Windsor Group Offers Support for ‘Mental Wellness’
Windsor — To some extent, everyone struggles to be of sound mind.
We all get sad. We all get frustrated, angry or upset. But, for some people, maintaining “mental wellness” is a bit more of a challenge and setbacks can steer their lives into a dangerous direction.
A new group in Windsor is reaching out to those people to help get them back on a healthy path.
“We feel isolated. We feel alone and if we can create an entity that can address those issues in a fun way, this is something that can really work,” said Rob Ritter, who is helping to organize the nascent effort. “It is something that could take off.”
Tentatively called “Windsor Connections,” the group offers peer support to anyone who wants help improving mental health, overcoming substance abuse problems or other issues related to their overall health.
The four-month old initiative takes a fluid approach to its mission. It is not a prescriptive program with a structured format, like the “seven steps.” In some ways, it is easier to describe what it is not, said George Nostrand, of the education and advocacy organization Vermont Psychiatric Survivors, or VPS. It is not Alcoholics Anonymous or Debtors Anonymous. It is not Weight Watchers.
Supported by VPS, Windsor Connections strives to be a kind of egalitarian support group designed by and for people in Windsor.
“Instead of running the group for people, what (VPS) is trying to do is give them the training and support to develop a group that works for them,” Nostrand said.
The approach at Windsor Connections is similar to a nationally recognized recovery model known as the Wellness Recovery Action Plan, or WRAP. Participants in WRAP are encouraged to manage their own recovery and mental health in a way that is comfortable to them. They develop a “wellness toolbox” that helps them focus on their strengths while learning to identify the things that trigger setbacks in their mental wellbeing. Nostrand has been trained as a WRAP facilitator.
The WRAP model works well, Nostrand said, but it doesn’t always meet a person’s needs for long term, sustained support in the communities.
“What we found is that, after (WRAP), they were let loose in the world without support,” he said. “The challenges were actually using their plan that they developed and feeling like they had support and connections.”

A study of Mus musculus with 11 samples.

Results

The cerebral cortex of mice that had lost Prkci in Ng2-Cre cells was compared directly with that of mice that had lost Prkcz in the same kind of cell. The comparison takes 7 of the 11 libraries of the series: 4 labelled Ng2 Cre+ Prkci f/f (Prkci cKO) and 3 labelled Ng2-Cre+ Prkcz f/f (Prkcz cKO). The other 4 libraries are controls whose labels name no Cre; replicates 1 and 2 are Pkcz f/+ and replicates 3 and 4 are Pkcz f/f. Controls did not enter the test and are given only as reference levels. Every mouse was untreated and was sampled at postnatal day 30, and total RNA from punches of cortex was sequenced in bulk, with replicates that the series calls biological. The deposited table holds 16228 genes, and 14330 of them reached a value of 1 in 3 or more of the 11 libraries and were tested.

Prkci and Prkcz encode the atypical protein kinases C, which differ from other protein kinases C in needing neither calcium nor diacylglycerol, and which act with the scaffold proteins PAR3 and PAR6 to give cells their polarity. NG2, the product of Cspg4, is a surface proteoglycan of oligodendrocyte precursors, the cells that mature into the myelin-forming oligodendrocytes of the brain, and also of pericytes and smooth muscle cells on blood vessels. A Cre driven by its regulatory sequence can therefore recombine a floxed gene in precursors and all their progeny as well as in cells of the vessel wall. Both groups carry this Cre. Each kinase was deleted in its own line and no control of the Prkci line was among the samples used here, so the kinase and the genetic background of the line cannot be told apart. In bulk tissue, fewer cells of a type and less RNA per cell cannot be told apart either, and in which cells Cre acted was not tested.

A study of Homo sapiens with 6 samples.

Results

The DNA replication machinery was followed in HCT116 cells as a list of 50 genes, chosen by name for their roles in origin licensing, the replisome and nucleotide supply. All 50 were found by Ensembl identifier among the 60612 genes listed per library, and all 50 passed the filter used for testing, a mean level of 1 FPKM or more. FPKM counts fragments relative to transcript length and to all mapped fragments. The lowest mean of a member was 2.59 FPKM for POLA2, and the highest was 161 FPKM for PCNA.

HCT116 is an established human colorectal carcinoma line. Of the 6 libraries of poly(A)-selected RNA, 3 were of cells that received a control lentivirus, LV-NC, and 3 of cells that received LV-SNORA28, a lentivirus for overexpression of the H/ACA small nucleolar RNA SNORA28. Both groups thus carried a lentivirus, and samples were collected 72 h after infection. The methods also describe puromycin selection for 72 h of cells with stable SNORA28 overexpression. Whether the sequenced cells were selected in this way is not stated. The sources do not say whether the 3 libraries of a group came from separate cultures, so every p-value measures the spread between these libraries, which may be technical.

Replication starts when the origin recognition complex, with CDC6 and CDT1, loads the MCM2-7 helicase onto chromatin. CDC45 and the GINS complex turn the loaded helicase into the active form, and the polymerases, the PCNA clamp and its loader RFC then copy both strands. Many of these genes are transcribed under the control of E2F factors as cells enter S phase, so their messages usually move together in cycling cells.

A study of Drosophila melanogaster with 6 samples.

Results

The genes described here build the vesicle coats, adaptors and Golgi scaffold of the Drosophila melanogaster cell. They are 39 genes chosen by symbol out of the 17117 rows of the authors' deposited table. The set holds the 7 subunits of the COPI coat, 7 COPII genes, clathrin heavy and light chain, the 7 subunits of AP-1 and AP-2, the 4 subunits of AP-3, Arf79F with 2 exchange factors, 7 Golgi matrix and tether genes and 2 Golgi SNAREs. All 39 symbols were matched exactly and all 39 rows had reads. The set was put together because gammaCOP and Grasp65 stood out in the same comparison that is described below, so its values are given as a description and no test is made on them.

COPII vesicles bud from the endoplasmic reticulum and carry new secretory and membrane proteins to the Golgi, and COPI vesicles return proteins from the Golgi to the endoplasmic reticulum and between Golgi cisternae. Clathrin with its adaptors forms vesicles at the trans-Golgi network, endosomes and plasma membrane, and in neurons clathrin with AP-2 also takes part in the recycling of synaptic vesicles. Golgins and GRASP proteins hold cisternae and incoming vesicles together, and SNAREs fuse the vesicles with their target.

Windsor Connections is attempting to offer that sustained support, Nostrand said.
Since June, an average group size of a half-dozen people have attended weekly meetings to discuss their concerns, collect useful information from each other even as they develop a organizational structure for the group. They are “building the airplane in the air,” Nostrand said, even as they try to help people manage real life problems.
Over the course of an hour and a half, a group facilitator, which rotates every meeting, will guide everyone through an agenda that includes items for “education,” “support” and “wellness tools,” among other things. Participants aren’t forced to share anything personal, but are encouraged to talk openly about something they’ve been struggling with.
Perhaps someone is having financial problems and looking for a job, Ritter said. Another person in the group might share their experience with financial issues, or even provide a lead on a job.
“My big thing is, if someone needs a job ... I can say, I know who you should call,” Ritter said. “Everyone, especially when they’re going through a hard period, needs a leg up.”
Similar community support groups have been developed around the state, including St. Albans, Montpelier, Rutland, Bennington and Brattleboro. The Windsor Connections group is one of the newest, and both Ritter and Nostrand have been reaching out to hospitals and other organizations around the Upper Valley to find people who might be looking for help.
Often, people experiencing a mental health crisis end up in hospital emergency rooms. They get treated there, but need additional help after they are discharged.
Mt. Ascutney Hospital is among the organizations that has been working with Windsor Connections, referring patients who might benefit from the more long-term support.
“It’s something we feel is going to be a significant resource for the community,” said Jill Lord, director of patient care services at Mt. Ascutney.
One challenge, Lord said, is convincing people to join a group, an uncomfortable prospect for those struggling with personal problems. But a person doesn’t have to be confronting a major crisis to benefit, she said. The group has something to offer people of different income levels, of different life experiences.
“Anybody that is seeking mental wellness,” she said. “People that want to make a difference in their lives, decreasing stress, increasing strength. Decreasing hopelessness and increasing hope.”
For more information, contact Nostrand at (802) 282-2267 or Ritter at (603) 359-7987.
Chris Fleisher can be reached at 603-727-3229 or firstname.lastname@example.org.